The scene was perfect. The lighting spot on, the sound loud and clear, every inch of Lugogo Indoor Arena occupied by a vibrant crowd. The undercards were good. And then the main bout, largely responsible for this record turn up, that had everyone on tenterhooks.
Meeting the third time in the Uganda Boxing Champions League, Muzamir Ssemuddu and Isaac Zebra Ssenyange had a point to prove. Zebra had won the first two encounters, though the last one at Akamwesi Complex on December 26, 2022 was largely controversial, triggering crowd chaos.
Finally, Ssemuddu—whom most thought deserved victory on that frosty night—won, also controversially.
Ssemuddu was as usual aggressive and took the first round thanks to good body shots. In the second round, Zebra’s left hook on the head knocked Ssemuddu to the canvas, though the referee did not count. After a rapid exchange that sent Zebra into the red corner, Ssemuddu paid back with a big right hook around Zebra’s neck area.
Zebra seemed to have taken Round Three, after which Ssemuddu showed signs of fatigue. But Ssemuddu returned stronger in the fourth, forcing Zebra on the back foot and winning that ferocious exchange in the blue corner early on.
Both started the fifth and final round aggressively, and after some dirty stuff Ssemuddu fell, awkwardly sitting on his right leg. He signaled to the referee before rising with a slight limp, but the ref was not interested.
Both had their moments in this round. Ssemuddu throwing the kitchen sink. But Zebra was patiently countered with his right, though his stronger left did not land. And at the last bell, Ssemuddu rested his arms on the ropes, breathing heavily. His fans, led by Ukasha Matovu, shouting crazy.
Zebra, all-smiles, fists in the air, posed for the cameras, connecting with his fans. His uncle Twaib Mayanja, in his corner hugged him. And fans hugged one another. Never stopped singing Mando, a nickname Zebra inherited from his slain father. They smiled and shouted. At the peak of their voices. Cocksure of victory, as the officials crafted the result. Then smiles became frowns and teary eyes, when Zebra lost 4-2.
“Lwaki Mutubba?” (why do you cheat us?) the ladies near the blue corner asked, aiming insults at whoever they suspected of being part of this ‘robbery’. Bottles flew into the ring area, threatening a repeat of the Akamwesi incident, where Zebra controversially defeated Ssemuddu on December 26, 2022. But Zebra signaled his agitated crowd to stay calm.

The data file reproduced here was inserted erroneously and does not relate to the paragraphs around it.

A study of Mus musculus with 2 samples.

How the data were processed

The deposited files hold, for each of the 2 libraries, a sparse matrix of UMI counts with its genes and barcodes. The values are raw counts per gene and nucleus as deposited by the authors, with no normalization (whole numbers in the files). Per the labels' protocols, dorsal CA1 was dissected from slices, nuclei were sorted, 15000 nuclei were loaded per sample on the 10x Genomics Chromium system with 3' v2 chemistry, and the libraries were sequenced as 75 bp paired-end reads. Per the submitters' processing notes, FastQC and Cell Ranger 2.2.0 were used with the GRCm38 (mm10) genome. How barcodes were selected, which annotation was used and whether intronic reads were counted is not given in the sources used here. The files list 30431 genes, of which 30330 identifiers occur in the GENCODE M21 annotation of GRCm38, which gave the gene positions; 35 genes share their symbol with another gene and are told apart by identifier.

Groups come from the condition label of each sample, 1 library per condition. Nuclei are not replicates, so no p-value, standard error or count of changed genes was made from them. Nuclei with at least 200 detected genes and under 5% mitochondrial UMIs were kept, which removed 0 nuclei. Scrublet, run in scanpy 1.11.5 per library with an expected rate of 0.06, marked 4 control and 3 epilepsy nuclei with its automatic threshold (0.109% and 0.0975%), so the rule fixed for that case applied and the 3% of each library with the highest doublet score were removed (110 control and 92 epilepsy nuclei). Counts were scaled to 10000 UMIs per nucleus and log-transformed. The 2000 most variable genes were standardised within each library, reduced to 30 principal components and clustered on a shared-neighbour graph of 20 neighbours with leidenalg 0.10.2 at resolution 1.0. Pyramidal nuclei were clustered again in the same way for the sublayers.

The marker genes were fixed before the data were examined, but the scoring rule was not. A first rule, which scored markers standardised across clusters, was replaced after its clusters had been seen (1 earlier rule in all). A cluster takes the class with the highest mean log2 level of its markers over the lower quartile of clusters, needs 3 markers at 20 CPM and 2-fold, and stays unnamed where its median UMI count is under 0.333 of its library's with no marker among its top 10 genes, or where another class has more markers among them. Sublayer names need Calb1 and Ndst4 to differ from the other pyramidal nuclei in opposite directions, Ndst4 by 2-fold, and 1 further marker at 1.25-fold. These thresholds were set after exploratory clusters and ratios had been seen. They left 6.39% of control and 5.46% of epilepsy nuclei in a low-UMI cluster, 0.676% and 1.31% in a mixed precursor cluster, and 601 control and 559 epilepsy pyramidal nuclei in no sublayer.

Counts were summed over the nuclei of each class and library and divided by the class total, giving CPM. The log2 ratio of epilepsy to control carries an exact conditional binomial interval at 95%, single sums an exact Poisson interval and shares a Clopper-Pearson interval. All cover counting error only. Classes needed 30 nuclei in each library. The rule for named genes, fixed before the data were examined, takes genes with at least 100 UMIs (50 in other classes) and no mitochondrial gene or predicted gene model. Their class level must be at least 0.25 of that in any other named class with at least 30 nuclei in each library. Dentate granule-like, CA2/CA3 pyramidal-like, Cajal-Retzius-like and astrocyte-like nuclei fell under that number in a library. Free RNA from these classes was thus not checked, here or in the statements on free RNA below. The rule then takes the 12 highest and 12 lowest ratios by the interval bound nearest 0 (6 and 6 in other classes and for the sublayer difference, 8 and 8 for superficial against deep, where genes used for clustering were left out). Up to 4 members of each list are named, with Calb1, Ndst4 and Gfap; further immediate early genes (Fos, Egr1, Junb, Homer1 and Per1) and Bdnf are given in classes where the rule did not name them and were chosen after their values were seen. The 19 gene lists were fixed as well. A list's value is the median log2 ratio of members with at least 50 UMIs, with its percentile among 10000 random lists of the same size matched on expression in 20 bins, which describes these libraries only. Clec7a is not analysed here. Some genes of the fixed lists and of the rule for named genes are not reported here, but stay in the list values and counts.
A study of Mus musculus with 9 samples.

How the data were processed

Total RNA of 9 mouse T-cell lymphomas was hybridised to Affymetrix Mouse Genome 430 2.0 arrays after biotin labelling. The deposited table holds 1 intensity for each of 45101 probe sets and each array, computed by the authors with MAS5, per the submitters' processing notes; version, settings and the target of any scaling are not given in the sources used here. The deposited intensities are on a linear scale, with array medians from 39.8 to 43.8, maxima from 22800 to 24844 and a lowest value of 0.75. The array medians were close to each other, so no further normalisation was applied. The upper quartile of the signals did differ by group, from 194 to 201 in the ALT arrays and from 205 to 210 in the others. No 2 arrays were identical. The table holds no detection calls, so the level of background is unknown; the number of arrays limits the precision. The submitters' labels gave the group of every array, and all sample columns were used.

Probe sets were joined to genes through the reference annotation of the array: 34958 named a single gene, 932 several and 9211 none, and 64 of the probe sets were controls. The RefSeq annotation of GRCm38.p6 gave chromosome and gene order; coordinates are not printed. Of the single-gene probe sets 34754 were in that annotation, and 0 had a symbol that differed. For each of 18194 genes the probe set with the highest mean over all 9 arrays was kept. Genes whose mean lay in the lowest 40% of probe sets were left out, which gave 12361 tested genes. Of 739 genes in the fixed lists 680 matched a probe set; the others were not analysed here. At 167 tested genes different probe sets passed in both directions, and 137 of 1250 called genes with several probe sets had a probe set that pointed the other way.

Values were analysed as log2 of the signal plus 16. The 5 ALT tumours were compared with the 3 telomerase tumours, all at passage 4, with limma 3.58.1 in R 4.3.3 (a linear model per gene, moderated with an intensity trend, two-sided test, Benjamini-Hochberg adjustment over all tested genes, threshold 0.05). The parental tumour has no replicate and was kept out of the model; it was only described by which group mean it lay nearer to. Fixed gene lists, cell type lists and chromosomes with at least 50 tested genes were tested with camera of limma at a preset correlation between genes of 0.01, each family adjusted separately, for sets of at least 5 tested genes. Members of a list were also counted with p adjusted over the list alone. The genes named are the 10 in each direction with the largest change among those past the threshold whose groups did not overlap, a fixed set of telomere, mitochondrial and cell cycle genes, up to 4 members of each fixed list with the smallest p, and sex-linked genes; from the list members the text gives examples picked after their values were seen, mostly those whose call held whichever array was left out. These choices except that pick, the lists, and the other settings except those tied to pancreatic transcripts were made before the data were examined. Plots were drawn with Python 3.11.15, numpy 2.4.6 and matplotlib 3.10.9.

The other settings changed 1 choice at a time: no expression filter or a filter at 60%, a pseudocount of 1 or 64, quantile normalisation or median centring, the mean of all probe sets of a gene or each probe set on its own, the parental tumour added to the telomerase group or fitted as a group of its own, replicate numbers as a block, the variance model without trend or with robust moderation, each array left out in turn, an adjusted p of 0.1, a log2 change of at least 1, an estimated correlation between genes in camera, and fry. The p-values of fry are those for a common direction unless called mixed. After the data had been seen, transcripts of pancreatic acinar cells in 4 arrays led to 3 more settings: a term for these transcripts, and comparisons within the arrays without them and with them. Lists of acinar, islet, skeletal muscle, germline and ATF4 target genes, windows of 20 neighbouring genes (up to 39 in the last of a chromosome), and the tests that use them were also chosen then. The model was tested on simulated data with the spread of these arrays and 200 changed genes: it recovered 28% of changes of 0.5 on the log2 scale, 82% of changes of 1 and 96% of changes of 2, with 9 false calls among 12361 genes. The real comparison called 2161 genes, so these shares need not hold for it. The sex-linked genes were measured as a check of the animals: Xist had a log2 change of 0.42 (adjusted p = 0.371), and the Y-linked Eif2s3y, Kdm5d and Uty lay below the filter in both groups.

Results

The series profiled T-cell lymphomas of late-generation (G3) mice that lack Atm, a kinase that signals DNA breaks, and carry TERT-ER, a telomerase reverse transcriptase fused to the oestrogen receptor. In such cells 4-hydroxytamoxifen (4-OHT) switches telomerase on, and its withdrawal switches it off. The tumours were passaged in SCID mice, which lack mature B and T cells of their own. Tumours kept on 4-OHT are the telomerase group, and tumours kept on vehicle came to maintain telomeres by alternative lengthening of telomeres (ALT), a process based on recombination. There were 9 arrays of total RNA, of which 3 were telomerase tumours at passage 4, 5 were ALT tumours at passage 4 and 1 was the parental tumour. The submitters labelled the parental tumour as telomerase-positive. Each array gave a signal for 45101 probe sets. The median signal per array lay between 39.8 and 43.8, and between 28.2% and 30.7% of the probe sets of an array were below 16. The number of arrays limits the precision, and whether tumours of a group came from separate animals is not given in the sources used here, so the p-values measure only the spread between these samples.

“I knew I won the fight but I got scared when they delayed to announce the result. I lost the first round but I won all the other four. The truth is seen, lies are told,” Zebra told Daily Monitor.
The lanky southpaw should also have used his reach advantage better to neutralise Ssemuddu’s power.
To most, what mattered is the winner. But a keen observer would ask: how come 4-2? If the five judges had scored the pulsating light middleweight contest 3-2 in favour of either boxer, how then did it become 4-2?
If you add the scorecard of the observer and the evaluator, it should be 4-3, capturing the seven scorecards. “The 4-2 was a mistake by the coordinator,” technical delegate Stephen Aciga-Fula explained. “The judges scored it 3-2 for Ssemuddu, then in a review, the observer and the evaluator scored it 1-1. So the result was 4-3. But the writer made a mistake.”
For Ssemuddu: “The fight was challenging; the guy has improved a lot, only that I am a hard worker,” he said. “Our game plan was investing in body shots and we got it right.”
About the fans’ fury, Ssemuddu said: “Even if Zebra had been announced winner, my fans would have rioted; actually it would have been even worse.”
He vowed to resume training immediately, ahead of the closing day on December 26, where he might face Broline Kibugwe, whom Zebra outclassed a month ago. “I need that belt, man.”
For Zebra, his league future is uncertain. “I don’t know, but you might not see me on Boxing Day. I am losing interest in this stuff,” he said.